Dvandva



 

(Sanskrit), a copulative compound word. Its components are in a relationship of coordination—for example, Russian severo-zapad,“northwest”; Latin duodecim,“twelve”; and German Rotweiss,“reddish white.” The term “dvandva” was used initially in Sanskrit grammar.

References in periodicals archive ?
Los compuestos determinativos determinan un solo objeto natural mediante dos signos juntos, y no dos como en el caso del dvandva. Los ejemplos en espanol: pez gato, papel moneda.
(63) Such multiword units are similar to English copulative (dvandva) compounds such as bomber-fighter, which contain no semantic head acccording to Szymanek (1989: 51) and Bauer (1983: 31).
"The Sex-preferential Order of the Components in the Dvandva Compounds in Georgian." Gender: Language.
80), reflect a version of the sutra mentioning upadanaskandha only twice, i.e., at the beginning (after rupa) and at the end (after vijnana) of the list, the items vedana, sanjna, samskara, and vijnana being very likely to form a dvandva compound.
Bauer (2008) begins his discussion by pointing out that the coordinated compounds to be labeled with the term "dvandva" are much more limited than generally assumed.
Finally, the great commentator Nagojibhatta suggested that Katyayana's formulation implied a critique of Panini: avaradinam was grammatically more correct than purvadinam, because of Panini's ride II 2 33 [30 purvam 32 dvandve] aj-ady-ad-antam "Tn a dvandva compound the word beginning with a vowel and ending in a short/a/precedes." avara begins with a vowel, purva and para do not.
Even if it is to be taken as a dvandva, the term manussa is likely to refer to other non-monastics, since there is a range of more specific terms for monastics.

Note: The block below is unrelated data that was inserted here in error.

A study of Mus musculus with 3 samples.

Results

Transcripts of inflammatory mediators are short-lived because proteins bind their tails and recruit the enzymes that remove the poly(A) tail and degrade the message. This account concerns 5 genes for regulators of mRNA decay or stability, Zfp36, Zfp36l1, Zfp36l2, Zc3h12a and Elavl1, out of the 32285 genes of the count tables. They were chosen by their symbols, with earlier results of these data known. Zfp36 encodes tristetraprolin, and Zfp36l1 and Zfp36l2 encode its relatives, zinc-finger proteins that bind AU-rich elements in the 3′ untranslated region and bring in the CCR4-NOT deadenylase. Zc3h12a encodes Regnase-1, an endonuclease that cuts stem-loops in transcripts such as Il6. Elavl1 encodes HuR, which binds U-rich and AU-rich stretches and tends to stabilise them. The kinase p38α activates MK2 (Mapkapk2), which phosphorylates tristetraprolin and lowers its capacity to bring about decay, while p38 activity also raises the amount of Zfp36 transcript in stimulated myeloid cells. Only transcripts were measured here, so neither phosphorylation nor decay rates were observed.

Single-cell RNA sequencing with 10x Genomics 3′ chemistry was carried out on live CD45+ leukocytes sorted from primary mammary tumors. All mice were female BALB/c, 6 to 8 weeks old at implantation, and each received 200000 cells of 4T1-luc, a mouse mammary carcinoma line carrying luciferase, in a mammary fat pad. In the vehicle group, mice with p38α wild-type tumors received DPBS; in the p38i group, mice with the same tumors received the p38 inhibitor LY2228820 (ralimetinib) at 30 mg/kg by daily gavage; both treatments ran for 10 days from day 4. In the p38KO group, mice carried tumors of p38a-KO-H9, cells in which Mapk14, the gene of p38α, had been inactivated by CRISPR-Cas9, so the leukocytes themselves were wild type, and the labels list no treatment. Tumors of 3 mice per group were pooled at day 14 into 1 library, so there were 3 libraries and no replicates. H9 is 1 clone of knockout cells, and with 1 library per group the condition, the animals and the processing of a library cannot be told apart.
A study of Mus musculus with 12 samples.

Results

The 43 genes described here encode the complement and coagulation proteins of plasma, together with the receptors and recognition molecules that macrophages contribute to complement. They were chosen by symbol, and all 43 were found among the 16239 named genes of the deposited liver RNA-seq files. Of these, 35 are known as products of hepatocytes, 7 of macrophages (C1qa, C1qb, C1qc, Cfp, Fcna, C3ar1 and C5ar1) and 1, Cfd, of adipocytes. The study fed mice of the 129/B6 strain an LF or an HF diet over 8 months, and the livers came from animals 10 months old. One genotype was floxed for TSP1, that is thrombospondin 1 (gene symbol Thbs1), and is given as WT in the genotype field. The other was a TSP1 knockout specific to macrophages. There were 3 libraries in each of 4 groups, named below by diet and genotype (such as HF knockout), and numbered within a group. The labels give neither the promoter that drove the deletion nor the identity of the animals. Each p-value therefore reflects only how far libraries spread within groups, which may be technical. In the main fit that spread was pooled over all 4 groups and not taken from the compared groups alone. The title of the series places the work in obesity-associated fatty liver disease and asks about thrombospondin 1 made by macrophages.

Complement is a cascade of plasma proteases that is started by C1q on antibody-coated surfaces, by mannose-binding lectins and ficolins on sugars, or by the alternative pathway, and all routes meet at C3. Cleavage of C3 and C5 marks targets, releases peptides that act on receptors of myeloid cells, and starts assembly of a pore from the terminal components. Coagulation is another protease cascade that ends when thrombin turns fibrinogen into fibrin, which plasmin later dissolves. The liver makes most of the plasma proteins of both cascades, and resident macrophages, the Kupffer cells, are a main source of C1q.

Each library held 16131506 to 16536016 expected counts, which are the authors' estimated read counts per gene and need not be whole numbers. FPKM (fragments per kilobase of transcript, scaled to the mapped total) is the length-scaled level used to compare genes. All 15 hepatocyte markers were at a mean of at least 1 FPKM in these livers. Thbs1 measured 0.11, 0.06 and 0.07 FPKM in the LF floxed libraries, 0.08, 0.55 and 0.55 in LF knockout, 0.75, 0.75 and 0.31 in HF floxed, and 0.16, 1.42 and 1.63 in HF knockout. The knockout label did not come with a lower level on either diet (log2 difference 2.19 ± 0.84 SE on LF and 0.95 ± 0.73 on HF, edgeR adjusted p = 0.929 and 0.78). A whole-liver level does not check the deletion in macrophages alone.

152), the author quotes an-ki-a as an example in which the locative after the noun an (*an-na = [an-a]) has been deleted, and translates "in heaven (and) on earth." However, an-ki seems to belong to the group of N+N compounds, specifically to the compound called "dvandva" (Schretter 2000: 934-35), and therefore the locative is not expected after the first noun.
The close connection between the two terms further follows from the dvandva compound urvasthiva-, which contains the stem [LANGUAGE NOT REPRODUCIBLE IN ASCII].
That is, avyay[bar{i}]bh[bar{a}]va, tatpurusa, bahuvr[bar{i}]hi, and dvandva compounds are described by some in terms of semantics, such that they are respectively compounds whose principal meaning is that of the prior term, the last term, neither term, and both terms.
The improbable construction of yatna-dharma into a tatpurusa (in addition to a dvandva) compound in a double attempt to link the two primary themes of the study strikes one as a bit of idle legerdemain, out of tune with what constitutes, on the whole, an impressive study.
Section 5 contains subsections on the forms of the names: names with one component (5.1), two components (5.2), divided into types of compounds according to the Indie classification (5.2.1, 5.2.2); then names containing a substantive plus a verbal noun (5.2.3); (2) dvandvas (5.2.4), e.g., Sad-farrox 'happy (and) fortunate'; names made by inversion (5.2.5), e.g, the "inverse bahuvrihi" A[gamma]at-farn '(to whom) fortune has come' (see on no.